The Reason Why You Instagram Your Food Might Come Down To This One Detail, According To Science
Every so often, it happens. I'm absentmindedly scrolling through the Explore feed on Instagram, laughing at videos of cute puppies and funny posts from my favorite celebrities when I spot a photo of a mouthwatering dish. When it comes to food, I'm pretty easy to please, but a food porn image that's perfectly cropped and has lighting so great that I can pick up every texture and hue of the dish makes my mouth water like nothing else. According to new research, a few specific factors can determine why you Instagram your food, not to mention how much engagement your pic of the perfect blueberry tart or the most stunning roasted eggplant will get.
The new study, published in the Journal of Business Research, tested the effects of different menu styles on participants' food and restaurant opinions, including their likeliness to post their meals on Instagram. Per HuffPost, the researchers divided 185 people ages 20 to 84 into four groups and gave them menus to see how they influenced the participants' opinions about the restaurant. According to the study's results, those who received menus that used a font that looked handwritten (as opposed to a standard typed font) not only had a more favorable view of the restaurant, but were also more likely to engage on social media as a result by posting a picture of their meal.
The thing is, the effects of the handwritten menu were only present when participants were first told that the restaurant they were eating at was healthy. According to HuffPost, these groups were given a statement about the restaurant ahead of time, which said, “Its entire menu is based on locally-grown, non-GMO, antibiotic-free ingredients and it is committed to sustainability.” This message, combined with a handwritten menu, apparently led people to view the restaurant as healthier, as well as more Insta-friendly.
Something as simple as a font change can have a surprising amount of power. “Many restaurants are branding or rebranding themselves as healthy, but they might not know how to do it effectively,” Stephanie Liu, lead author of the study, told HuffPost. “We wanted to help these restaurants by offering a creative marketing strategy that does not necessarily increase cost — you just need to print your menu in a different font that appears handwritten.”
The color of your food can also influence a variety of factors, from your perception of the restaurant, to your mood while eating, to how much engagement your snapshot of the dish will get on social media. A study published in the journal Management Decision found that between 62 and 90 percent of a person's assessment of a product is based on colors alone. In fact, the colors in a restaurant environment could impact you in a number of ways, the researchers found: Color choices could increase or decrease your appetite, enhance your mood, calm you down, and they can even affect your perception of how long you've been waiting to eat.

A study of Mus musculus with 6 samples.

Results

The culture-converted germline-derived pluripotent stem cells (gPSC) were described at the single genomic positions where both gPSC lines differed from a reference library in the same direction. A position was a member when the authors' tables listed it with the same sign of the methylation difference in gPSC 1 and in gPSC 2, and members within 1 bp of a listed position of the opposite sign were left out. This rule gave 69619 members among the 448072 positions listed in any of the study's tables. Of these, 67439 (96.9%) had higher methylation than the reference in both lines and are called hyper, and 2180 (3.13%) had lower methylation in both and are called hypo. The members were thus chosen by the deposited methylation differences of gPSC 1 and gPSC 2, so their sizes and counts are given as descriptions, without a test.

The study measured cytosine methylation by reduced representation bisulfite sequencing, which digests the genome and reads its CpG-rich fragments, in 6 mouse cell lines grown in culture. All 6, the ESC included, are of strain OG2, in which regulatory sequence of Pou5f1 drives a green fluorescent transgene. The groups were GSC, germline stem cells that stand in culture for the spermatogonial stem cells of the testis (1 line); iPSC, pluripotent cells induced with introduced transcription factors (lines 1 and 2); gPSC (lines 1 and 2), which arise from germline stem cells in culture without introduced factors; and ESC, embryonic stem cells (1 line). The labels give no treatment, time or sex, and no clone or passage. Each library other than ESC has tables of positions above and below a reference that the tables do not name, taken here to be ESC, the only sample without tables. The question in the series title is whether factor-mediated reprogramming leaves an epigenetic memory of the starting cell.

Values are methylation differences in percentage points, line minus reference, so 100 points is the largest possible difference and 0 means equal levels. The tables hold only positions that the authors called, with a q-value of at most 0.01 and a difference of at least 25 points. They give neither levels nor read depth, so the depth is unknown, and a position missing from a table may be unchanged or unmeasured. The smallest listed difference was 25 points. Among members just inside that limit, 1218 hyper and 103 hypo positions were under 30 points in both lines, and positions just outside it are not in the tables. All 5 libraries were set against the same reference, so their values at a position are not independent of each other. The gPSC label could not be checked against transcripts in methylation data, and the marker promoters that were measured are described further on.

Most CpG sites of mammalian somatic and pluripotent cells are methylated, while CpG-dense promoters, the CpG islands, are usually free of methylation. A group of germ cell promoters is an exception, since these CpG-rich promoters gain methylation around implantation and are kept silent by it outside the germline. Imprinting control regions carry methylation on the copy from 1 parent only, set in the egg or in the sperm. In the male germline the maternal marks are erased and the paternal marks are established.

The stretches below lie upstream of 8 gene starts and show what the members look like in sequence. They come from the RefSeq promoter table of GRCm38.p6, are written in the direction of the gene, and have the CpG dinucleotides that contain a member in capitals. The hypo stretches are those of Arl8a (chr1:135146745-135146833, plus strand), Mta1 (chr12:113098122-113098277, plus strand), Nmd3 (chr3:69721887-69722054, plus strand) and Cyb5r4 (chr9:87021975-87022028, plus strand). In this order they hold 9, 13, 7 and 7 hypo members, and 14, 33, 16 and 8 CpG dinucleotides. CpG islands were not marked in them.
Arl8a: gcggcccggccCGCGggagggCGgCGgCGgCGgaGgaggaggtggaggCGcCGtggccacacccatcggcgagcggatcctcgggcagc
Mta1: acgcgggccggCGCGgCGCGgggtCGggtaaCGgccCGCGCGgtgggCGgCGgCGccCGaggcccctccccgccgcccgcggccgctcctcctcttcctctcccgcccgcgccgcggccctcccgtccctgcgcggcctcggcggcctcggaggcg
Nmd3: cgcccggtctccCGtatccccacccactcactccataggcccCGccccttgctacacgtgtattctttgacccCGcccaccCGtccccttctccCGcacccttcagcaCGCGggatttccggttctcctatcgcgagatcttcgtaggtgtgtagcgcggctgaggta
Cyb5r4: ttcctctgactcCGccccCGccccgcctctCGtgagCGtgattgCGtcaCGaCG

The great news for my fellow Instagram fans is that the foods that are likely to do well on the social platform are also really great for your health. If you order something rich in blues and purples, you're definitely improving your chances of getting plenty of likes on your post. The social tool Curalate analyzed 8 million photos on Instagram and found that primarily blue photos performed 24 percent better than primarily red photos, so chow down on dishes that highlight bright blue tones.
Foods with this blue and purple color scheme all have different amounts of the same pigment that makes them so beneficial: anthocyanidins, says Dr. Niket Sonpal, an internist and gastroenterologist in New York City. Blackberries, blueberries, mulberries, elderberries, black currants, acai berries, plums, prunes, figs, grapes, and eggplants all have two things in common — they're beautiful shades of blues and purples (which is great for IG), and they're rich in anthocyanidins (which are great for your body). More specifically, all of these beautiful pieces of produce can help to normalize your blood pressure and reduce your risk of cardiovascular disease and heart attack, Dr. Sonpal tells Elite Daily.
You don't have to stick to photographing the standard blue fruits and veggies like blueberries or purple cabbage, though. It could also be fun to try out blue or purple versions of foods you might not realize grow in multiple shades, suggests Kim Yawitz, a registered dietitian/nutritionist in private practice in St. Louis, Missouri. "While we typically think of them as orange, carrots and other vegetables come in shades of purple as well," she tells Elite Daily.
Besides the fact that a bluish-purplish potato or tomato has lots of flavonoids, I'm willing to bet that your Instagram followers would be much more excited to get a look at the stunning hue of the blue ear of corn you're enjoying than the yellow version that everyone's familiar with.